By BiotechDaily International staff writers
Posted on 05 Jun 2017
Image: In cancer, cells divide uncontrollably and invade surrounding tissues. By removing a specific protein from cells, researchers were able to slow the cell cycle (Photo courtesy of the University of Rochester Medical Center).
A team of molecular biologists has identified a pathway that mediates mature microRNA (miRNA) decay - a process of undoing gene silencing that is less well understood than the processes that mediate miRNA biosynthesis.

MiRNAs are a small noncoding family of 19- to 25-nucleotide RNAs that regulate gene expression by targeting messenger RNAs (mRNAs) in a sequence specific manner, inducing translational repression or mRNA degradation, depending on the degree of complement between miRNAs and their targets. Many miRNAs are conserved in sequence between distantly related organisms, suggesting that these molecules participate in essential processes. In fact, miRNAs have been shown to be involved in the regulation of gene expression during development, cell proliferation, apoptosis, glucose metabolism, stress resistance, and cancer.

Investigators at the University of Rochester Medical Center (NY, USA) furthered the understanding of miRNA decay when they identified the enzyme Tudor-SN, an endonuclease that interacted with the RNA-induced silencing complex. Tudor-SN was found to target miRNAs at CA (cytosine- adenine) and UA (uracil-adenine) dinucleotides located more than five nucleotides from miRNA ends. Tudor-SN-mediated miRNA decay removed miRNAs that silenced genes encoding proteins that were critical for the G1-to-S phase transition in the cell cycle.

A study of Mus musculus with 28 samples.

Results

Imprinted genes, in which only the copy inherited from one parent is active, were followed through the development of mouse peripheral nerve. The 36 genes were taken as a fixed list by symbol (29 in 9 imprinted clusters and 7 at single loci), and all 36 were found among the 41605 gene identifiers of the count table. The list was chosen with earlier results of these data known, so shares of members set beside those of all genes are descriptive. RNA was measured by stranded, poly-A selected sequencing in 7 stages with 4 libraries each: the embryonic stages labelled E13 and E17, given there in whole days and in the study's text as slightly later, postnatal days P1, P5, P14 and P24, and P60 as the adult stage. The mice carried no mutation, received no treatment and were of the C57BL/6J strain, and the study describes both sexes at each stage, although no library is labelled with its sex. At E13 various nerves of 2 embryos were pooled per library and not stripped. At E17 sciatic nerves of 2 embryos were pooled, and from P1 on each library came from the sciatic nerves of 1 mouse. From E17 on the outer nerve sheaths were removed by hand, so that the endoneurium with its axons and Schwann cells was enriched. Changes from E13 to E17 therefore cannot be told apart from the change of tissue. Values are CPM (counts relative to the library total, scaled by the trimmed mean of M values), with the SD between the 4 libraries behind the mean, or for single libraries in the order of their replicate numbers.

The investigators reported in the May 26, 2017, issue of the journal Science that inhibiting TSN-mediated miRNA decay by CRISPR-Cas9 knockout of TSN slowed cell cycle progression by up-regulating a cohort of miRNAs that interfered with the mRNAs that encoded proteins critical for the G1-to-S phase transition. Thus, removal of Tudor-SN from human cells increased the levels of dozens of microRNAs. This increase in the number of inhibitory molecules resulted in the shutdown of genes that encouraged cell growth by regulating the cell cycle.

"We know that Tudor-SN is more abundant in cancer cells than healthy cells, and our study suggests that targeting this protein could inhibit fast-growing cancer cells," said first author Dr. Reyad A. Elbarbary, research assistant professor of biochemistry and biophysics at the University of Rochester School of Medical Center.